The government looks to be in an increasingly tight bind on Northern Rock. The bank’s shares have not fallen as much as one might have expected given today’s news that all offers came in below the market price. There is speculation that Jon Wood is increasing his stake and preparing to cut up rough, as we know he can.

The government’s best hope may be to find a solution which does not need shareholder approval. Luqman Arnold’s proposal may meet that need but his plan, even more than the others’, would conflict with the aim, stated today by the Treasury, that it wants a deal which gives it the quickest exit and can “maximise certainty of execution”. Alistair Darling (whose stock you would have to short if you could) will make a statement this afternoon around 3.30pm.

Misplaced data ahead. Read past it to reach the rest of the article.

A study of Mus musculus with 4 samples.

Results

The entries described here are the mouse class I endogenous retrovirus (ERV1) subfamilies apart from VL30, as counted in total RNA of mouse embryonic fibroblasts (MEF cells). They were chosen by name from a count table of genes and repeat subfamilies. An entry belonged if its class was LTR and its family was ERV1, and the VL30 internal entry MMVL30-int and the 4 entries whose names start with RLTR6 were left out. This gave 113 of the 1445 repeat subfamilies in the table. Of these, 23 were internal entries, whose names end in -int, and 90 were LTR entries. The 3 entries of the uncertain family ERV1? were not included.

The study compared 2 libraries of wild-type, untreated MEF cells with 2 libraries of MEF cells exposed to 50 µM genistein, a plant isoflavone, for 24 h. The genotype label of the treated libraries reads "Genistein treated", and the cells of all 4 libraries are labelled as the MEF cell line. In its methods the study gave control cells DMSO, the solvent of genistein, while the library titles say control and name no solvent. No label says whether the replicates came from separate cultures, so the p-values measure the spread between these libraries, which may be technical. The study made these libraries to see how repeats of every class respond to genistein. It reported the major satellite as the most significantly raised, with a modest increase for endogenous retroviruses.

Also, things looking bad in the inter-bank market. Libor is up at 6.44 per cent, from 6.39 per cent on Friday. Looks like nobody wants to lend to each other again. Perhaps Goldman saying today that Citigroup might have to take another $15bn hit over next two quarters didn’t help.

Incidentally, the impact of Northern Rock, and rising interest rates, on housebuyers’ sentiment were blamed today by Barratt Developments for a 14 per cent fall in house sales to private buyers this autumn.

The other good story today is that Marius Kloppers, chief executive of BHP Billiton, has apparently told investors in South Africa that he definitely does not plan to sweeten his all-share offer for Rio Tinto with cash. The Takeover Panel might want him to confirm that.

A blow for Burren Energy after Eni, the Italian oil group, said it had pulled out of discussions bo buy the business after having had a raised £1.7bn bid rejected. Burren shares fell 20 per cent.

SABMiller is paying €816m to buy Grolsch. However, don’t necessarily read this is a sign that it is not interested in Scottish & Newcastle.